Devastation in Pakistan: Deadly floods displace millions
Across Pakistan, one in seven people have been affected by the devastation of unprecedented rainfall and flash floods. The U.N. estimates 33 million people have felt the effects of the deadly floods, which have killed more than a thousand people and displaced 7.9 million people since June.
Balochistan, a province that is not usually affected by monsoon season, has been inundated with flash floods. The economically under-developed province is the worst-affected, receiving more than 5 times its average rainfall. The floods have destroyed infrastructure, making the area extremely difficult to access. Mercy Corps Pakistan is responding in the province, distributing food, water, and cash, with a focus on reaching large families, women-led households, and people with disabilities.
The spread of waterborne disease is on the rise. The number of people with malaria, typhoid, diarrhea, skin diseases, and eye infections is growing exponentially in the camps for people who have been displaced. In the Sindh province, there has been a steep increase of patients with diarrhea. An estimated 650,000 pregnant women require assistance, 73,000 of them are due in October.
“It may take the country years to recover from a disaster of this scale,” said Farah Naureen, Mercy Corps’ country director for Pakistan. “The rising flood waters have extensively destroyed livestock and crops, jeopardizing millions of livelihoods, resulting in enormous immediate relief needs, and compounding the current humanitarian crisis in Pakistan.”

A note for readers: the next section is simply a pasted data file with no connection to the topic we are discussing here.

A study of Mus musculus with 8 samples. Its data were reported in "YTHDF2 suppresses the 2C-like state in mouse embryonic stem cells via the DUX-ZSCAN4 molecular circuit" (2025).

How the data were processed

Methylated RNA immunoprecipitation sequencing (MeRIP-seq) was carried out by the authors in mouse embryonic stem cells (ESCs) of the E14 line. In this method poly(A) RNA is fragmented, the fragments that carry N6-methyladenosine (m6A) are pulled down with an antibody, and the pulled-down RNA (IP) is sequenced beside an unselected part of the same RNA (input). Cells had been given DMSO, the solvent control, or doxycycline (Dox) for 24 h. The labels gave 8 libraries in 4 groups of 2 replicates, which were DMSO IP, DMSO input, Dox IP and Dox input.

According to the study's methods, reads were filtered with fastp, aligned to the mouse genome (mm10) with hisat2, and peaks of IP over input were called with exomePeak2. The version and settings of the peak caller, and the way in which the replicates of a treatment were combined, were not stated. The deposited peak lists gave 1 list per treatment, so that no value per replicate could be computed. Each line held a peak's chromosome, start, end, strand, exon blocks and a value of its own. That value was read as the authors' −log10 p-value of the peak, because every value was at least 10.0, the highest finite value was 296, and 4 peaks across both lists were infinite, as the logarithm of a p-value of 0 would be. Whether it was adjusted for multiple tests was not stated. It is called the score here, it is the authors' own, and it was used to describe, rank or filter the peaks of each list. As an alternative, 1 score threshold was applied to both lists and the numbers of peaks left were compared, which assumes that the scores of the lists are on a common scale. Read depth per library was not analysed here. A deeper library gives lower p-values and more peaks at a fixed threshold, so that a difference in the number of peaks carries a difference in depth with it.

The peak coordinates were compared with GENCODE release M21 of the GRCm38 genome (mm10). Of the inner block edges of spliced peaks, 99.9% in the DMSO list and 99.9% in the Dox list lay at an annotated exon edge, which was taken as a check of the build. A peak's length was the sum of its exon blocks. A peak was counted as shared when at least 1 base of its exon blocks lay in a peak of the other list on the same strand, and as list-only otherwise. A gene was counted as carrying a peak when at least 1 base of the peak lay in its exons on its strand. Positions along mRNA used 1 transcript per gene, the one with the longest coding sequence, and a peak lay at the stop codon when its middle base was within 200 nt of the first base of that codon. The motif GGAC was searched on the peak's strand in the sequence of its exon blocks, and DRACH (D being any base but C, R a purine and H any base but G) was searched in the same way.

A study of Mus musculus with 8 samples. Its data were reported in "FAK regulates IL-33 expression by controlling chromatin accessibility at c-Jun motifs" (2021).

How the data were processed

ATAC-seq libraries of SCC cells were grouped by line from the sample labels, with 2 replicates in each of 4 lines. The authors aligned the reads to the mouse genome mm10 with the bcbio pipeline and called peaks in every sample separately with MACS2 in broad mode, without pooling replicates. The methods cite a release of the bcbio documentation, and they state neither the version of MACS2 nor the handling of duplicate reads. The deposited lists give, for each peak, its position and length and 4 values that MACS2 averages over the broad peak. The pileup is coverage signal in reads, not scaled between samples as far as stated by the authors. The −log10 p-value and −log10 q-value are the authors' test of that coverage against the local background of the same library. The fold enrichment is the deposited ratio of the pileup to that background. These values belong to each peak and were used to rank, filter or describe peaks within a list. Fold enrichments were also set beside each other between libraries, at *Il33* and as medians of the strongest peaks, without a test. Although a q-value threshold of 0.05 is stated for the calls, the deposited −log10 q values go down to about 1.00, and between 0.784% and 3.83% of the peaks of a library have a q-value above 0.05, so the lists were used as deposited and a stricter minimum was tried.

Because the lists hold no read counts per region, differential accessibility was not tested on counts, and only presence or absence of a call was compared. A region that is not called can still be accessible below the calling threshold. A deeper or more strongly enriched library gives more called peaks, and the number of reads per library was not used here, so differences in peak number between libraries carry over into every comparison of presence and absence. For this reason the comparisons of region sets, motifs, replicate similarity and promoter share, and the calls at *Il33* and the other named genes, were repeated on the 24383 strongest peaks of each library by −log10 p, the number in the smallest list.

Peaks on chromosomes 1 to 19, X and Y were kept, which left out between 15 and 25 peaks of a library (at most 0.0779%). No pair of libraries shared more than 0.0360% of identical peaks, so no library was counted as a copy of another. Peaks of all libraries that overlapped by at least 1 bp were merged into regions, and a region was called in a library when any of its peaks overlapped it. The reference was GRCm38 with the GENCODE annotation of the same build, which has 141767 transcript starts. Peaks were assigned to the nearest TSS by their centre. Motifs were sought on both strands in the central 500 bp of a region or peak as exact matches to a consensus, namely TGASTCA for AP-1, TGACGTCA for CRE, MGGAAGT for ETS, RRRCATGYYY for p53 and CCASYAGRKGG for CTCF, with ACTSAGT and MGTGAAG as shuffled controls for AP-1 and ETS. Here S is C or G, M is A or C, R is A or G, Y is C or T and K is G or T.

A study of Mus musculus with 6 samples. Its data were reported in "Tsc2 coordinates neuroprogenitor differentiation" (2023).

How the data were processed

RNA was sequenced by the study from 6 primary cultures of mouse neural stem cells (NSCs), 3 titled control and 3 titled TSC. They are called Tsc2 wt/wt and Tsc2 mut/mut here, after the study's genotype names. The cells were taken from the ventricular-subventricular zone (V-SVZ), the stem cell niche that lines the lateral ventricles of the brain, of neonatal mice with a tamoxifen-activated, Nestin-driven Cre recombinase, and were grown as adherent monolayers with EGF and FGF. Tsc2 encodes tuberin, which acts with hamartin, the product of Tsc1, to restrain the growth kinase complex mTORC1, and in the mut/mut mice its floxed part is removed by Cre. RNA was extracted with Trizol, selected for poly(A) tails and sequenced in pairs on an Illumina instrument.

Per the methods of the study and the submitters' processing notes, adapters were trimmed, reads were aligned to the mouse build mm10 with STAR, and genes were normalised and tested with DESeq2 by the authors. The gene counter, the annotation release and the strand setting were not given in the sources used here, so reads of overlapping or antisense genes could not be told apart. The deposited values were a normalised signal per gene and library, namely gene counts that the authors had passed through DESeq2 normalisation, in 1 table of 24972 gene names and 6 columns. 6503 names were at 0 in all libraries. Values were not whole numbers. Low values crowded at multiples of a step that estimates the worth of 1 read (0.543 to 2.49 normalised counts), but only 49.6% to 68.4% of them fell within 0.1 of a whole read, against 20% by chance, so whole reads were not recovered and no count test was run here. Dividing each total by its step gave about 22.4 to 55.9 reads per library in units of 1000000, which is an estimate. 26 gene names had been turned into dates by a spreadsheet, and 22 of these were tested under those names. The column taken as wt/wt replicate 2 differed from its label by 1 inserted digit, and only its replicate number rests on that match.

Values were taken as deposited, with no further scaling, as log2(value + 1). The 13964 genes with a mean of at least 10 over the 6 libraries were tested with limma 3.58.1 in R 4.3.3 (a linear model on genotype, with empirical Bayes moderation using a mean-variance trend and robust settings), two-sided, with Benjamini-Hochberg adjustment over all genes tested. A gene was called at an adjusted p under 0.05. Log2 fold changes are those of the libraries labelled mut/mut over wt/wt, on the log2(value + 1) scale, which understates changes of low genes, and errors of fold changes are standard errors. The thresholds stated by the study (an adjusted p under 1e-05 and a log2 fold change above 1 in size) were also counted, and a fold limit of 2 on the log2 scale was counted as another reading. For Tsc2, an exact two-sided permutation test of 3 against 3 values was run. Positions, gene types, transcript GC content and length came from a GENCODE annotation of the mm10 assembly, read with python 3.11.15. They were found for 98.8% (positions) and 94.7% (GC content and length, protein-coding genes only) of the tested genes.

Mercy Corps is already present in these areas with existing programming and has responded to this emergency by setting up health camps with partner organizations, including the Pakistani government, to provide immediate healthcare. Mercy Corps has been working in Pakistan since 1986 and was one of the first international relief agencies to respond to the 2010 floods by providing access to water, sanitation, hygiene, primary healthcare, cash-for-work, and infrastructure rehabilitation.
The floods are compounding existing challenges for many communities in Pakistan who are facing increased food prices and malnutrition. This humanitarian and climate catastrophe is yet another example of how countries that contribute the least to global warming are the ones that suffer the most. Pakistan contributes less than 1% of the world’s greenhouse gas emissions. The growing consequences of climate change and limited infrastructure and preparedness have left millions of Pakistanis devastated and in need of support.